Every team has an Achilles' heel
The selection criteria of national football teams make the reach for perfection even more impossible than in club football. There is no oligarch's chequebook to complete the jigsaw. Instead, youth development takes years, and even then, there are few guarantees.
At this World Cup, every team is a broken team; each has a glaring weakness. Nobody looks perfect, especially after Spain's demise. As this is not an individual sport -- despite the best effort of Messrs. Messi and Ronaldo -- a team's success often rests on the performances of the lesser players, rather than the stars.
ESPN FC runs down the weak points that could convert the leading contenders into broken teams.
The team that is already broken beyond repair. It had been thought the addition of a goalscoring striker in Diego Costa might make them yet more effective, but the truth was that decay in other departments meant the team were never going to allow the parachuted-in Brazilian to shine.
This was a high-grade engine grinding to a halt after overuse, with the most vital cog in the machine, Xavi, finally going the way of all flesh. Rust had set in, too, with Iker Casillas playing like an underused goalkeeper. Metal god Carles Puyol, even though he also sat out Euro 2012, was missed most of all once Gerard Pique's loss in form became so damaging. Sergio Ramos' macho posturings were no substitute for the man of steel.
The formula no longer worked, and in the second half against Chile, the Spanish were still trying to walk the ball into the net. A tournament too far, and one of football's finest dynasties has been bundled into history.
Luiz Felipe Scolari is not one for changing. His attempt to play this World Cup as if it were last year's Confederations Cup looked somewhat misguided during his team's 0-0 draw with Mexico.
The fall-guy had looked like Fred, the lumbering forward who played as prosaically as his name. That was until his replacement, Jo, lolloped onto the field in Fortaleza and looked even more unlikely to score a goal. This is Brazil, the home of some of the tournament's greatest centre-forwards. How the Selecao cries out for a Romario, Ronaldo or Careca. At this point, they might even settle for Serginho or a Walter Casagrande. Luis Fabiano, the unpopular striker from 2010, looks like a significant upgrade.
In mitigation for Fred and Jo, they are not exactly backed by much in the way of creativity. Neymar is expected -- and expects -- to do it all on his own. Oscar could not replicate his excellence against Croatia. Behind them, Paulinho's presence suggests that Felipao has not been watching too much of Tottenham's 2013-14 season.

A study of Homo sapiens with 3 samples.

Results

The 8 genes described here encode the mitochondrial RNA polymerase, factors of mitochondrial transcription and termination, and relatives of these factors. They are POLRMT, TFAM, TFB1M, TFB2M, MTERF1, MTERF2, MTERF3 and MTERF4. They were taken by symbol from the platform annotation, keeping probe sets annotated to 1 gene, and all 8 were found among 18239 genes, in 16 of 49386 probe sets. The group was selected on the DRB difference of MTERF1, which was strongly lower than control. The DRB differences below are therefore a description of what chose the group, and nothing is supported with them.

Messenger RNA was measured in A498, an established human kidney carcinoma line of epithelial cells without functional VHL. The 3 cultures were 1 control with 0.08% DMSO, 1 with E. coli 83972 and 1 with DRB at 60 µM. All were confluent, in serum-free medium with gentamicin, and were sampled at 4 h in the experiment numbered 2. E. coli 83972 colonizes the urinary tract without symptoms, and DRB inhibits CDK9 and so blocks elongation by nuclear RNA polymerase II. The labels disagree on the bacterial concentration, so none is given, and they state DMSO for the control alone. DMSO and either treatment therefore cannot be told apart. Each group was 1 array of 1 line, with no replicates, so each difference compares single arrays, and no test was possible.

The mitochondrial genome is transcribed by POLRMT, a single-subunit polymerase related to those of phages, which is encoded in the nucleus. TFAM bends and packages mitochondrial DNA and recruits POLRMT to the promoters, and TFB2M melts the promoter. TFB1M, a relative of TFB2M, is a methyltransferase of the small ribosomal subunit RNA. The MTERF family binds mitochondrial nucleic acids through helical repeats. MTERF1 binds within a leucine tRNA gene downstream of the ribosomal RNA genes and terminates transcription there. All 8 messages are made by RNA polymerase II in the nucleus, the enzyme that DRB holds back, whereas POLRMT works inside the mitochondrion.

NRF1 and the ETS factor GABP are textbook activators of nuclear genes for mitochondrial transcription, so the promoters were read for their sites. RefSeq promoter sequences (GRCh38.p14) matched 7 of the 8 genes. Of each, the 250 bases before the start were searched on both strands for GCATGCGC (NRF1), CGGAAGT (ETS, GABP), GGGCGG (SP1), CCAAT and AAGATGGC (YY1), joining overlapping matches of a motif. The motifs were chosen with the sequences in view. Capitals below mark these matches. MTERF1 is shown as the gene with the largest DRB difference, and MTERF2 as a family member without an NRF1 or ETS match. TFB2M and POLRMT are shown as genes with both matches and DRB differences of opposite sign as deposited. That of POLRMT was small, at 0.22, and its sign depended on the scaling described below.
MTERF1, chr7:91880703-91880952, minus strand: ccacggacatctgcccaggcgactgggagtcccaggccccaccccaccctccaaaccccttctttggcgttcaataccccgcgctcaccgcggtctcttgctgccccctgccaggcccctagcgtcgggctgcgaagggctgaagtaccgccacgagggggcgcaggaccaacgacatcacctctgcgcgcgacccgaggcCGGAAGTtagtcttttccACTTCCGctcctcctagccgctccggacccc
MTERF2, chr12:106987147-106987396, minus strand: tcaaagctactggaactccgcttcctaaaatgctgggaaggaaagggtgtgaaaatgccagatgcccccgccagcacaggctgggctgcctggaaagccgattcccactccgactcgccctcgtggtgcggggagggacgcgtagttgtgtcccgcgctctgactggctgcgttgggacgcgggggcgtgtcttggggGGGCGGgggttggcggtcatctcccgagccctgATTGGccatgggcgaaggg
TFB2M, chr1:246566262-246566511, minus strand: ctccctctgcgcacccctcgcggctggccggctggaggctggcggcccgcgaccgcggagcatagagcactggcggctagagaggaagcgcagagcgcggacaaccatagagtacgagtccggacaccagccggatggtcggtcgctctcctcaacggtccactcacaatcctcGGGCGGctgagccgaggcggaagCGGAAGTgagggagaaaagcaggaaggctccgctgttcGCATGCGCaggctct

It is already apparent that the Dutch will need their attackers to bail them out. Arjen Robben and Robin van Persie are in a much richer vein of form than they showed for much of the 2010 tournament, but behind them, a mix of callow and fading looks extremely fallible.
History has already blurred the first half against Spain, in which the Dutch defence was troubled by the defending champions who eventually forgot themselves. The signs were even more apparent against the Australians' brand of brute force. Ron Vlaar looked equipped to deal with it, but the rest floundered, having not been offered enough protection by a fading Nigel de Jong or Jonathan de Guzman, for whom defence is not a strongpoint.
The loss of Bruno Martins Indi to concussion forced Louis van Gaal to reshuffle his pack. Bringing on Memphis Depay suggested LVG had lost trust in his previous three-at-the back combination. The Dutch may struggle to meet the requirement of holding Chile to avoid Brazil in the round of 16 if their shaky defensive efforts so far are repeated.
It could hardly have gone much better than the 4-0 destruction of Portugal. Jogi Low's lack of an out-and-out striker was nixed by Thomas Muller positioning himself as a frontman who played off the shoulder of defenders, rather like a true striker does. The falsehood of his being a nine was a double bluff.
There are concerns in the German camp around the scheduling of their matches. Salvador was blisteringly hot, as will be both Fortaleza and Recife; conservation of energy will be difficult.
The Portugal match presented few questions marks, though Mats Hummels' latest injury is a concern. Per Mertesacker is susceptible to pace, as is widely known, and the Germans do not seem to be able to churn out the type of all-out stopper whom Jurgen Kohler was when they last won the World Cup in 1990.
Germany have a very different approach to the power outlet from Kohler's era, and for all their invention, do seem to lack the type of domineering midfielder that Lothar Matthaus once provided. Bastian Schweinsteiger struts at times like Stefan Effenberg, but he is not such a leader.
And in any case, nobody is likely to be so bad as Portugal were.
Lionel Messi's postmatch flash interview after Sunday's unconvincing victory against Bosnia was rather instructive. He was utterly dismissive of Alejandro Sabella's initial three-man defensive strategy. "If we don't use that system, we suffer a bit more," he said of the half-time switch to 4-3-3. "We have to continue doing this, what we did in the second half."
That change, and the introduction of Fernando Gago and Gonzalo Higuain, allowed Messi more space to run into, and he scored his goal. Goals should not be a problem for Sabella's team. What lies behind is a far greater issue. As anchorman, Javier Mascherano looked exactly like a player who spends most of his time playing centre-half for Barcelona, while Vedad Ibisevic's late goal exploited a channel down the right-hand side of Argentina's defence.
It all suggested what was widely feared: Having Messi may not be nearly enough.